MSPS have called on the SNP to fork out more funding to kickstart a green recovery from the pandemic – while ministers have been told to "co-ordinate and finance a sufficiently large investment stimulus" from Boris Johnson's government.

The Scottish Government has committed to harnessing a low carbon economy as part of the economic recovery from the Covid-19 crisis and has also committed to the country becoming carbon neutral by 2045.

Ministers will publish their now delayed updated climate change plan by the end of the year.

But MSPs on Holyrood's Environment, Climate Change and Land Reform Committee have warned that the Scottish Government's £200 million low carbon funding commitment in next year's budget "falls short of the level commensurate with the demands of securing a green recovery".


Instead, the MSPs have recommended that "the Scottish Government also works with the UK Government in order to co-ordinate and finance a sufficiently large investment stimulus".

The committee has recommended that a green recovery route-map is drawn up with clear timelines, responsibilities for delivery across all parts of the public sector and clear delivery plans for each sector.


Despite the financial constraints, the committee has warned that the level of funding put up by the Scottish Government is inadequate to meet its ambitions.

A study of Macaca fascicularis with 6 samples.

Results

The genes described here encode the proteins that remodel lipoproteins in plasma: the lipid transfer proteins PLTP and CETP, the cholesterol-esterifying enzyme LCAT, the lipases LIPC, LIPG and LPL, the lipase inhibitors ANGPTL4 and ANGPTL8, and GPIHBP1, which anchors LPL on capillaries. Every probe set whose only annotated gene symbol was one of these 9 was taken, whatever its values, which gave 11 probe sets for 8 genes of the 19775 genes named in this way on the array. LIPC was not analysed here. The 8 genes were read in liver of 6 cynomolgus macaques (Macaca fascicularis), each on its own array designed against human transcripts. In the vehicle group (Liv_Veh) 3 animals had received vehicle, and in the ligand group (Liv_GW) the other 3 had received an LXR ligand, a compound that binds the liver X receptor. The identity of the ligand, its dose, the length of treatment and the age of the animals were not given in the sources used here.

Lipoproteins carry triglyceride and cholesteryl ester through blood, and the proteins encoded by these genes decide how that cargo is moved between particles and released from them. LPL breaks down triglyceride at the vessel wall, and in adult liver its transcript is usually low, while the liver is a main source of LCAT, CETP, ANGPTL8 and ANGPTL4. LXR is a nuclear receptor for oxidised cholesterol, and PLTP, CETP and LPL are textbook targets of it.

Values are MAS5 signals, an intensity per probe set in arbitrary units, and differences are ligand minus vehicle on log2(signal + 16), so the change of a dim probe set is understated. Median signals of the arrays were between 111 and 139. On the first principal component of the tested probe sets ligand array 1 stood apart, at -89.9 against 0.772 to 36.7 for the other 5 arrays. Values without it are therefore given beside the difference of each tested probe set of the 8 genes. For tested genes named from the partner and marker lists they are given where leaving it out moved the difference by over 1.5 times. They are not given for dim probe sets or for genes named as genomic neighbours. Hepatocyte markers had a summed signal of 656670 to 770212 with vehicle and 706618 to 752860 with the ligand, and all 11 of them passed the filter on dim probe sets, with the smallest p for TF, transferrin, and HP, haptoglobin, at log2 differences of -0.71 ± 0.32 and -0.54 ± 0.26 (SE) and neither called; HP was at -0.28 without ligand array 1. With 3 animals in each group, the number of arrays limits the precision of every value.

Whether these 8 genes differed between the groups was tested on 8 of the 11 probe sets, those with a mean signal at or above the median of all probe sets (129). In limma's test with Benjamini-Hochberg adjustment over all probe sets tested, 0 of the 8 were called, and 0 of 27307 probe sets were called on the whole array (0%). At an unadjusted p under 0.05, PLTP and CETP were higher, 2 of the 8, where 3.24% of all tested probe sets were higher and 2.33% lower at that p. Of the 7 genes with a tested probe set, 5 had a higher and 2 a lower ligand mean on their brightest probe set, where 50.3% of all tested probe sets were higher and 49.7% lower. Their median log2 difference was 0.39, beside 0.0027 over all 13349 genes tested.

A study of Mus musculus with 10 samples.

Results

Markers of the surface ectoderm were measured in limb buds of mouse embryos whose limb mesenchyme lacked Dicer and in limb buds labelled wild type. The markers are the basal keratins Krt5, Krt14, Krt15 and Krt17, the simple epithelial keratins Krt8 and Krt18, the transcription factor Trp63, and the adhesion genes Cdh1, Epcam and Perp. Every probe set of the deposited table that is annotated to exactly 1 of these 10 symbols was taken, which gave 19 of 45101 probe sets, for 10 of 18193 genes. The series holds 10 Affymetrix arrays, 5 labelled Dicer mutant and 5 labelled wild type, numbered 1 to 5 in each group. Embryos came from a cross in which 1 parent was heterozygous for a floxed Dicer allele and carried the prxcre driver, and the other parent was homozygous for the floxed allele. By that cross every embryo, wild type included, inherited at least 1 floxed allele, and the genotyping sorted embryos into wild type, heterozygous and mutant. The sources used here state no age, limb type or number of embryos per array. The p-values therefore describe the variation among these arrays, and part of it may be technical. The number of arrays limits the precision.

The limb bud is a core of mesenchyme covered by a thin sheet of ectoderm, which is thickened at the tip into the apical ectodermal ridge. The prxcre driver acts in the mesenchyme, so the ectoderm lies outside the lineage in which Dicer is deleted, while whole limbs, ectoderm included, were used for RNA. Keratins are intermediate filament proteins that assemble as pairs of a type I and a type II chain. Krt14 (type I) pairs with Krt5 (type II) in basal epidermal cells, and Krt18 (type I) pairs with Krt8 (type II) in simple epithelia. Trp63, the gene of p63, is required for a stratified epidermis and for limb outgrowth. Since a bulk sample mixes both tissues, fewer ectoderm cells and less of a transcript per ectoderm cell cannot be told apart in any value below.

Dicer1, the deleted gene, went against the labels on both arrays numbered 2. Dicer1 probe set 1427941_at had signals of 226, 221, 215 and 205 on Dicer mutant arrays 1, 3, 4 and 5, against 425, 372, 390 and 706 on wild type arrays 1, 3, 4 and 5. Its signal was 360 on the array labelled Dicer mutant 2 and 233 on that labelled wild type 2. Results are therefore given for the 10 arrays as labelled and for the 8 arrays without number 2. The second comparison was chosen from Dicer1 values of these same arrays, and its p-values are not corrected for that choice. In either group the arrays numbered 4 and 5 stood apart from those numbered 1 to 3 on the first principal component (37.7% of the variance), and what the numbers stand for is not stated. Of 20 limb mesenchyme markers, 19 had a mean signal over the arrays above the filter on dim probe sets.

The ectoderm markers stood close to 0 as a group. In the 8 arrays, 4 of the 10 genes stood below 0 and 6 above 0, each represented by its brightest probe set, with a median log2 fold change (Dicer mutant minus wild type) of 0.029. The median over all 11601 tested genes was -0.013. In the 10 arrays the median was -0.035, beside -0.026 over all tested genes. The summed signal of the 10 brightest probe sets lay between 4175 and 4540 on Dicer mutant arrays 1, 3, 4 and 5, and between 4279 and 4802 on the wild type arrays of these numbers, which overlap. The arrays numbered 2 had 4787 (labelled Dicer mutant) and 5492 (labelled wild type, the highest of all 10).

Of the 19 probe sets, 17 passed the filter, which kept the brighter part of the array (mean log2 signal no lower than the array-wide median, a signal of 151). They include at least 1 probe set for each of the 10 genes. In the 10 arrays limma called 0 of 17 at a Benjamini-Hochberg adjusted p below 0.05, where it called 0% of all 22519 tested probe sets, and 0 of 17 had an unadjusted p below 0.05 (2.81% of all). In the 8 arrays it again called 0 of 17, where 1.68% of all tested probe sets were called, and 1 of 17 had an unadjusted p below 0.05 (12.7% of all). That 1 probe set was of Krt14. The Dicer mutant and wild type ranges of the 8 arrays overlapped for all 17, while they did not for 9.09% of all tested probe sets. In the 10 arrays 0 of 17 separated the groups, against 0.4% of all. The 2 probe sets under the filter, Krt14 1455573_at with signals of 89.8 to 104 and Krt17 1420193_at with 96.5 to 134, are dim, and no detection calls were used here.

The report says: "Examples include ambitions to net-zero, but only 36 per cent of infrastructure spend over the next five years is to be low carbon.

"This begs the question as to whether the remaining 64 per cent infrastructure spend brings Scotland closer to its public objectives or pushes it further away, and whether it complements or cancels out the 36 per cent spent on specifically low-carbon interventions."


Committee convener, Gillian Martin said that the climate crisis and the pandemic has confronted the Scottish Government with a "whole system challenge never witnessed before".

The Herald: Committee convener Gillian MartinCommittee convener Gillian Martin

She said: "Scotland must use this impetus, and the opportunities presented in both the Budget 2021-22 and the climate change plan update, to create a net-zero emissions economy.

"So much needs to be done and done now. We need to capture and lock in positive behaviours, front-load investment in low-carbon solutions and build resilience through valuing nature more.

"We need to tackle the implementation gap, where solutions have already been identified but not applied, and deal with policy incoherence, where parts of government, and the wider public sector, are not working collaboratively."

Ms Martin added: "Underpinning this, we must focus on people, innovation, skills and jobs. Financial support for a green recovery must also be significantly increased, front loaded and be conditional on delivering national outcomes around the climate and biodiversity emergencies.

"Our committee took onboard extensive evidence during the inquiry and our recommendations should provide a solid springboard for the swift action needed to deliver a truly green recovery for Scotland - a recovery where no-one is left behind."